BY: Mary Ellen Kuhn

Presenters Janet McLean, a food scientist at beverage marketer Diageo Plc, Christopher Simons, a faculty member at The Ohio State University, and Chris Findlay, chairman of sensory analysis company Compusense, discussed the relative merits of testing in highly controlled sensory booth environments versus testing in less controlled scenarios more akin to “real life” environments.

Women in coffee shopSimons made a strong case for the benefits of conducting sensory testing of products in the types of settings in which they might normally be consumed. Stripping away context can reduce the validity of sensory test findings, he claimed. “The reality is most of us don’t eat in a closet under red light,” said Simons. “Usually we’re evaluating food in contextually relevant situations.”

His research has shown that when consumers were asked to assess preferences of a variety of coffee brands, both in a sensory booth setting and in a virtual coffee house setting, the coffees most often served in a coffee house scored better in that setting than when they were tested in the booth. Simons has also conducted tests of cookie preferences in a virtual kitchen and of alcoholic beverages in a virtual bar, and those tests too produced findings that were more reliable than those conducted in controlled booth settings.

“What I hope to convince you of is that actually context matters,” Simons told the session’s sizable audience. “Testing in a contextually relevant scenario is the best way to get actionable guidance.”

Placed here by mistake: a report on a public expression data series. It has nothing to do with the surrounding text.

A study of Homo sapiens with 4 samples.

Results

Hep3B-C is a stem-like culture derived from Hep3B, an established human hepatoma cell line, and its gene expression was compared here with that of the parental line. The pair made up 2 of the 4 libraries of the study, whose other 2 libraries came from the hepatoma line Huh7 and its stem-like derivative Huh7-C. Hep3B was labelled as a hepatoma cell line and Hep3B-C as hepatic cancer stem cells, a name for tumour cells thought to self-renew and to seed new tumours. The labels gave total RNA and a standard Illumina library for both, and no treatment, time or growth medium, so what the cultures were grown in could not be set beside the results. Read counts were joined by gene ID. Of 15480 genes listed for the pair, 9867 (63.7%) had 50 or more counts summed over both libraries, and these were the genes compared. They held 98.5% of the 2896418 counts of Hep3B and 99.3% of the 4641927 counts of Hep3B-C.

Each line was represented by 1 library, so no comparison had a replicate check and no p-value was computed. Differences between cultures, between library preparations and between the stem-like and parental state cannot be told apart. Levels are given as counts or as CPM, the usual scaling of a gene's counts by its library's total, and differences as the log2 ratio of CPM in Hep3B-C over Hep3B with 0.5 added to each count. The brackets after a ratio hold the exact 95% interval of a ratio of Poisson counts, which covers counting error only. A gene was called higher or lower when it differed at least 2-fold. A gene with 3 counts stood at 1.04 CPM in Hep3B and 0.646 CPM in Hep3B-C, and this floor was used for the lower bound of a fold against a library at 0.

McLean’s presentation was designed to elucidate some of the benefits sensory booth testing can afford. She affirmed that in some cases at least, testing done in such controlled settings—which free sensory panelists from outside distractions—can be cost-effective and time-saving and will yield beneficial results. She also noted that the use of traditional sensory booth red lights can play a valuable role in correcting color in product samples. In addition, she noted that removing sources of variability in testing situations does not always yield the most reliable results.

Findlay said that at his company, he’s experimented with a variety of booth settings over the years. The current Compusense sensory lab is in an open environment.

Findlay summarized his takeaway message to the audience with these three recommendations:

Apply the KISS principle, which in this case is “keep it simple, sensory scientists.” In other words, he said, get your question right in the beginning.

  1. Make it actionable. When conducting testing, what you do with the test findings matters.
  2. Always apply best practices. “But,” Findlay noted, “the thing you have to be aware of is that best practices evolve.”

The symposium marked the start of what will be an annual myth busting series, and based on the number of attendees on hand at the 7:15 a.m. start time and their strong participation in a question-and-answer period as the session concluded, it seems clear that the concept has great potential.